Updated: Sep 28, 2020
I met Sr. Immaculata Mulyei in 2002, on my first visit to Livingstone, Zambia to visit the Mama Bakhita Cheshire Home. She is a small, trim and thoughtful person in her mid-seventies now, highly respected in the community, with a dry sense of humor and an abiding concern for rural women with their struggles. A modest and determined woman, she quietly searches for ways to accomplish her considerable goals: to help small groups of rural women to sustain themselves by adapting their economic endeavors to the changing environment.
Mpekala is her name for this project, meaning “where I live”. In the past she has raised money to supply cows, goats and chickens to ten groups of these women living in the remote Sekute area outside of Livingstone. But changing weather patterns bringing drought have made watering their animals difficult.
Sisal can be easily grown with little water, so a new project is being put forward: the making of woven sisal bags using natural dyes. The goal is to produce their own sisal and to learn how to make handsome shoulder and hand bags of varying sizes.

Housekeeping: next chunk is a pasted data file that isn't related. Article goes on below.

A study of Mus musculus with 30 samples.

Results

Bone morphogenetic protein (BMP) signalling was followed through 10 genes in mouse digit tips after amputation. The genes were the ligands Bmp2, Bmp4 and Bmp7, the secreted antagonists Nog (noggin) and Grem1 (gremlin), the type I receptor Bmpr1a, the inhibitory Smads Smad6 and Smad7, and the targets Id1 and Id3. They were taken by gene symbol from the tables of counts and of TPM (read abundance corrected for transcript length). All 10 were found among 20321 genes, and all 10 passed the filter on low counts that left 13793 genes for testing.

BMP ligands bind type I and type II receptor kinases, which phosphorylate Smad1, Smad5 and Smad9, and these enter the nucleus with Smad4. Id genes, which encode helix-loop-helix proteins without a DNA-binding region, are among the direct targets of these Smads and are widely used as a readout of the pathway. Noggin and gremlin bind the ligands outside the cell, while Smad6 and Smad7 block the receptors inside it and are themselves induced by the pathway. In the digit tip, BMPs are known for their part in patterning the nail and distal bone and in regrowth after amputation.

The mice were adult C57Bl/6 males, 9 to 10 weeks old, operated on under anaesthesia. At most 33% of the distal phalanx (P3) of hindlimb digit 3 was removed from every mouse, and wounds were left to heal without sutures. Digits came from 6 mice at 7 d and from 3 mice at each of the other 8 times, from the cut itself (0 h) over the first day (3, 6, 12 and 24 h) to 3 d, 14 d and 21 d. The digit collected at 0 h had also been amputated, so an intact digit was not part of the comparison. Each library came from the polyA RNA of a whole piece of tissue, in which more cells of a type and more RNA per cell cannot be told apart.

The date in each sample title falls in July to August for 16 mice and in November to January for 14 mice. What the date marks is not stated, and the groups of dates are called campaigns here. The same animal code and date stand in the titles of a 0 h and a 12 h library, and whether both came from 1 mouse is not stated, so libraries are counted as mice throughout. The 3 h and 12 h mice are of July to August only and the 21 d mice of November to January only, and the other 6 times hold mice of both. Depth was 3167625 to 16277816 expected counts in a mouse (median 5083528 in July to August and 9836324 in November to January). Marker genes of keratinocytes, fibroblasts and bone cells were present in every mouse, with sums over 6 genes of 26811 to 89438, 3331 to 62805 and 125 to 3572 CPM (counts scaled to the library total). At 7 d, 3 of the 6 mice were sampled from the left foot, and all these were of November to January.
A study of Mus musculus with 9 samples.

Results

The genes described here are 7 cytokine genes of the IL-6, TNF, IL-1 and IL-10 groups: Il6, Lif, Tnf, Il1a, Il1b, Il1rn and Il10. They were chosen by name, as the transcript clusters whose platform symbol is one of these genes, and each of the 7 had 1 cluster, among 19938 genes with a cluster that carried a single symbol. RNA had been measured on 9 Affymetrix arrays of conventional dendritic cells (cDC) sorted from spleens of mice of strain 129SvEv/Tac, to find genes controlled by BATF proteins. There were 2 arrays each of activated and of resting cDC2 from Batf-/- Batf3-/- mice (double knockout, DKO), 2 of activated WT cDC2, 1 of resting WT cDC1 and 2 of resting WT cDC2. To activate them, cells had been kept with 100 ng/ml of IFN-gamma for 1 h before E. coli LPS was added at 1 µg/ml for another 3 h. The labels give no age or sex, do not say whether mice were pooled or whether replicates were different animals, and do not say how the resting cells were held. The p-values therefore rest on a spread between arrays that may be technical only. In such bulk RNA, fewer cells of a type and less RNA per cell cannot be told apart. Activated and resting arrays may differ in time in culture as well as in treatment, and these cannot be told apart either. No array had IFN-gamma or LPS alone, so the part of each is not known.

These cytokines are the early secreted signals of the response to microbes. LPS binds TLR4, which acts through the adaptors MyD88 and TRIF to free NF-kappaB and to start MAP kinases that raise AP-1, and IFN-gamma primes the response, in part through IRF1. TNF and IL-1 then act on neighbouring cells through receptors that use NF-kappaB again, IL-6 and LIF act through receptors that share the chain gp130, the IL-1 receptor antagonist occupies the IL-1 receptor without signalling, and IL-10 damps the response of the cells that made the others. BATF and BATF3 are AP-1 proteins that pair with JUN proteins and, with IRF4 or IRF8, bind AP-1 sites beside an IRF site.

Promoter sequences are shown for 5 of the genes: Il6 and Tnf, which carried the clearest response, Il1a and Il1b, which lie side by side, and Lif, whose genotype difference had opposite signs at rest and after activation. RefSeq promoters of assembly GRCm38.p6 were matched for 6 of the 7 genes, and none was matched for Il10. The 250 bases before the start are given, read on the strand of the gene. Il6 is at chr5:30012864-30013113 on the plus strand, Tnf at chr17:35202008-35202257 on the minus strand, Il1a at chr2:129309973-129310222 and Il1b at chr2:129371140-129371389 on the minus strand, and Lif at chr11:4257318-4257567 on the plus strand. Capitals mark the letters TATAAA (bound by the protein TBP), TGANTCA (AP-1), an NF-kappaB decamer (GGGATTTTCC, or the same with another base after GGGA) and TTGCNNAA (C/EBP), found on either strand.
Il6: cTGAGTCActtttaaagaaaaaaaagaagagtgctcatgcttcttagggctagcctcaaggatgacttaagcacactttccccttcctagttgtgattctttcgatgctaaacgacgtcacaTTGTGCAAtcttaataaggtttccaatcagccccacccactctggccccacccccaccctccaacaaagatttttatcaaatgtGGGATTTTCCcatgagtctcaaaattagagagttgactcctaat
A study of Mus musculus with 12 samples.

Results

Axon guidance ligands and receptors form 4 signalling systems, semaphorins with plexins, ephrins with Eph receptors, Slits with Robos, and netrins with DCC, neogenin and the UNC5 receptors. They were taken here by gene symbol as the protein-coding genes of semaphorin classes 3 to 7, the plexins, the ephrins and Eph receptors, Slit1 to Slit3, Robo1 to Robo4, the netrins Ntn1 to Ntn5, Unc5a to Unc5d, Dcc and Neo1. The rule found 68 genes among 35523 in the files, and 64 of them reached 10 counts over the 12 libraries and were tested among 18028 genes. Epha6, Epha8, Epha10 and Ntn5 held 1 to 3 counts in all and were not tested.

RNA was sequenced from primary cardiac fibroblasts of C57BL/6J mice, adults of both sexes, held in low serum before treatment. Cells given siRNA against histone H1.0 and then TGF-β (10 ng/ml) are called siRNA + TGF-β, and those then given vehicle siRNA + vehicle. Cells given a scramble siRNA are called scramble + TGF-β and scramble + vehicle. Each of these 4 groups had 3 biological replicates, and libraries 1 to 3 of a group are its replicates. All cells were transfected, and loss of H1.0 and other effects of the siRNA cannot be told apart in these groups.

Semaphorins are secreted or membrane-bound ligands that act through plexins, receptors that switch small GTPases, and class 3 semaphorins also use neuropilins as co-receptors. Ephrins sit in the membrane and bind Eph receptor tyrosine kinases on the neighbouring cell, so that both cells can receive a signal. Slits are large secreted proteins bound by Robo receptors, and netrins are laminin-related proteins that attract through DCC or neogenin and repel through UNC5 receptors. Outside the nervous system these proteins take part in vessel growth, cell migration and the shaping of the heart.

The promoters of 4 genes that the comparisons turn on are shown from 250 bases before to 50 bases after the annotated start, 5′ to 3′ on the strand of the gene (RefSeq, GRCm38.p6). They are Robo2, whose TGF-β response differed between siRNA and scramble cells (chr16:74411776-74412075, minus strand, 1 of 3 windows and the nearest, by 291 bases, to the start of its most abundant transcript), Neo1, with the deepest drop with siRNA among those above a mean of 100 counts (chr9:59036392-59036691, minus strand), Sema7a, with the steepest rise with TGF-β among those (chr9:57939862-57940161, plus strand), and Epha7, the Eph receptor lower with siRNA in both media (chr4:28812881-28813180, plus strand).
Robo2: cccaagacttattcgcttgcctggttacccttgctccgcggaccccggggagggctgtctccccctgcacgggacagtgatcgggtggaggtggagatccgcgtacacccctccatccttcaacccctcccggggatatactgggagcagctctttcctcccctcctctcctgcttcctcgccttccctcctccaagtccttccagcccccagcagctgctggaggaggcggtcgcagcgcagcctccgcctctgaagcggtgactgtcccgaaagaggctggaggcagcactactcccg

The bags will then be promoted and sold as fair trade goods of the best order. I myself will offer them for sale in my internet store as well as at my craft sales.
What is needed to begin is $500 dollars of start up money to buy the first sisal, since it will take a season to grow their own, and to hire a teacher from the Zimba tribe who is skilled in this art.
This project is all about sustainability and adaptation. Is there a generous person out there have the where-with-all to take on the privilege of helping this woman start her program?